01/24/2012 01:10 pm ET

Lisa Murkowski: Bipartisan Seating At State Of The Union Is A Show Of 'Respect' (VIDEO)

Senators Lisa Murkowski (R-Alaska) and Mark Udall (D-Colo.) appeared on MSNBC Tuesday afternoon to describe their reasons for pursuing an ongoing pet project to get congressional lawmakers to embrace a system of bipartisan seating at the State of the Union address.

"Any small step we can take to show a little togetherness -- the fact that this is an opportunity for us, as lawmakers, to demonstrate that we can be civil with one another, we can show respect for the institution, show respect for other lawmakers," Murkowski said. "It's a small, small, small gesture, but I think that every step that we can take to help improve relationships is a good thing."

Udall, who will join Murkowski for Obama's State of the Union Address Tuesday in an effort to lead by example, agreed.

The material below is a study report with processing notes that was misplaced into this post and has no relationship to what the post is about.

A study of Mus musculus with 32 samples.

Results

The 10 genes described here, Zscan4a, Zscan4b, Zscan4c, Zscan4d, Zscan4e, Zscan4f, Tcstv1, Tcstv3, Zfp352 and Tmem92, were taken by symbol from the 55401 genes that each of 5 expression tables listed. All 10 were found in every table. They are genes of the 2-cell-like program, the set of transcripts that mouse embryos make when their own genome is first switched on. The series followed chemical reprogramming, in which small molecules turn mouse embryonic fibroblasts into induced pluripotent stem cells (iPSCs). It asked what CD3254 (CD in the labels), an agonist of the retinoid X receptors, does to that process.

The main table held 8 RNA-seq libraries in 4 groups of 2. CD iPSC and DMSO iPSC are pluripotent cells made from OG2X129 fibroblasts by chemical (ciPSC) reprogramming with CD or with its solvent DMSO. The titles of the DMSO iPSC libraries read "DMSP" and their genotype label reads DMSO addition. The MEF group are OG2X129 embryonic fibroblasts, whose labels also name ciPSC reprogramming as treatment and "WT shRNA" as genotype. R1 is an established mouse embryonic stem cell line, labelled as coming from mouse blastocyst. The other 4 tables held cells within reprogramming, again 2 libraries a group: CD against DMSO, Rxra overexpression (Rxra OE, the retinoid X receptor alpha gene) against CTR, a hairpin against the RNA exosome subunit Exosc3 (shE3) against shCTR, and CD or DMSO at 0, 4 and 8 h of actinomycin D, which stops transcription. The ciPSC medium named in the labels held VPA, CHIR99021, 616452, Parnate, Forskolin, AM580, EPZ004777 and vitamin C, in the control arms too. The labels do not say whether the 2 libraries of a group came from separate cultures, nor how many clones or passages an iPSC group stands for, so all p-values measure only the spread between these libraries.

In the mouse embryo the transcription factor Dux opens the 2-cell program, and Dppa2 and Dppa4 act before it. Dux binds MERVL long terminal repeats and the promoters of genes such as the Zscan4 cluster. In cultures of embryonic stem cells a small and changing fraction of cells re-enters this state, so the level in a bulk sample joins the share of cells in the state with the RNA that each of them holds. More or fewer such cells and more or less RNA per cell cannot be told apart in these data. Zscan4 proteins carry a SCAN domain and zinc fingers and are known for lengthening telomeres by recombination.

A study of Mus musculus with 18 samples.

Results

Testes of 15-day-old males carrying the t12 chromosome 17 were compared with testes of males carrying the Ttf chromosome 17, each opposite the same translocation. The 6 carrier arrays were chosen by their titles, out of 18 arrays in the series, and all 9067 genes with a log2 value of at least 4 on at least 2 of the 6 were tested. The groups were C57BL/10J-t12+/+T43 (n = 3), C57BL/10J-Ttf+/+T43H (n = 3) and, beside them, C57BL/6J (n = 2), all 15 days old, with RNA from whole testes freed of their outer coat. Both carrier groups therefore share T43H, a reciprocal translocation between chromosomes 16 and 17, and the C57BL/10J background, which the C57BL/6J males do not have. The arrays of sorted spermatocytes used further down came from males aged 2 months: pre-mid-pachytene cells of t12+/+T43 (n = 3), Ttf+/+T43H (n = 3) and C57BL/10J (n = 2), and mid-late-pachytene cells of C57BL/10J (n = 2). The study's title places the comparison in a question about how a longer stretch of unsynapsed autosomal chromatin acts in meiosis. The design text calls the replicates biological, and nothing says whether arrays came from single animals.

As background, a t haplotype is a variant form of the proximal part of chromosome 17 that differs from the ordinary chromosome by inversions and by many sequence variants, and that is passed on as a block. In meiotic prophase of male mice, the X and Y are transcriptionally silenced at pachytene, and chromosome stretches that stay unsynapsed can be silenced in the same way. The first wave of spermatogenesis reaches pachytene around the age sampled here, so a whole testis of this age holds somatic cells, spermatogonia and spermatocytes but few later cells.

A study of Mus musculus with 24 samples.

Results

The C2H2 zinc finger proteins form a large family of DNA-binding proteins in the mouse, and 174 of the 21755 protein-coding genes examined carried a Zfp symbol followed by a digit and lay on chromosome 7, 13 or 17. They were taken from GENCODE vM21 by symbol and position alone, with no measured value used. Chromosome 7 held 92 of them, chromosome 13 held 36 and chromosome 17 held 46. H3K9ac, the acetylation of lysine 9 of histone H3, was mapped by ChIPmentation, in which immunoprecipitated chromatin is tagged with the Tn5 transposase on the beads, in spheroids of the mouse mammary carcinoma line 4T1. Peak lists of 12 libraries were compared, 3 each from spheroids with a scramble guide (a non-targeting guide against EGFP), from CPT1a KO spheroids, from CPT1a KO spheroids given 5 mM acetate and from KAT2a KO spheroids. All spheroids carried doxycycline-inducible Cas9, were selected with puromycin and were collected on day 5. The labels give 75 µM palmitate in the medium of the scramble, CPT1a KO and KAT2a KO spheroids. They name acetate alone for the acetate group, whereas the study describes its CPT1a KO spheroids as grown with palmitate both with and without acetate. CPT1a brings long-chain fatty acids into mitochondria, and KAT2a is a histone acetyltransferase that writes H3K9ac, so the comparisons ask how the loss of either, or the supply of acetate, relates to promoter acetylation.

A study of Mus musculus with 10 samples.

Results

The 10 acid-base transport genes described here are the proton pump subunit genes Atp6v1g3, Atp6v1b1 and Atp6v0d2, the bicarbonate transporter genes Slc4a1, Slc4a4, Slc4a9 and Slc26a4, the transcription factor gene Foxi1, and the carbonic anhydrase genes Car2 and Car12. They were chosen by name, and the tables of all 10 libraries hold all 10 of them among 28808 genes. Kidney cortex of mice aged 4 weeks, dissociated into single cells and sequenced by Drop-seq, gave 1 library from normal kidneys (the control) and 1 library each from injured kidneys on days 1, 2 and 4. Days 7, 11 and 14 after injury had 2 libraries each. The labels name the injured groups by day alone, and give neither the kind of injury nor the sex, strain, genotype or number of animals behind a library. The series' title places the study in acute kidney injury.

"This is symbolism tonight, but it's important symbolism," he said.

All in all, 184 of the 535 members of Congress have decided to adopt the "prom seating" model for Tuesday's event.

Enthusiasm for intermingled seating at the State of the Union address grew last year in the wake of the deadly mass shooting at a constituent meet-and-greet event held by Rep. Gabrielle Giffords (D-Ariz.), who announced over the weekend that she will be resigning at the end of the week to focus on her recovery.

No Labels, a bipartisanship advocacy group that The Huffington Post's Jason Linkins recently described as "an organization that earnestly believes that all of America's problems are being caused by a deficit of niceness among Congresscritters," has been among the biggest proponents of the new decorum. They recently took out a full-page ad in The New York Times pushing the seating arrangement.

Centrist group Third Way has also championed the proposal, penning an open letter to Congress urging Democrats and Republicans to sit together, and also attend a yearly retreat to "restore the bonds that make us a great nation." Third Way has also encouraged the implementation of a 24-hour grace period on either side of the State of the Union address, during which partisan mudslinging would be traded for positive language on the merits of the presented ideas.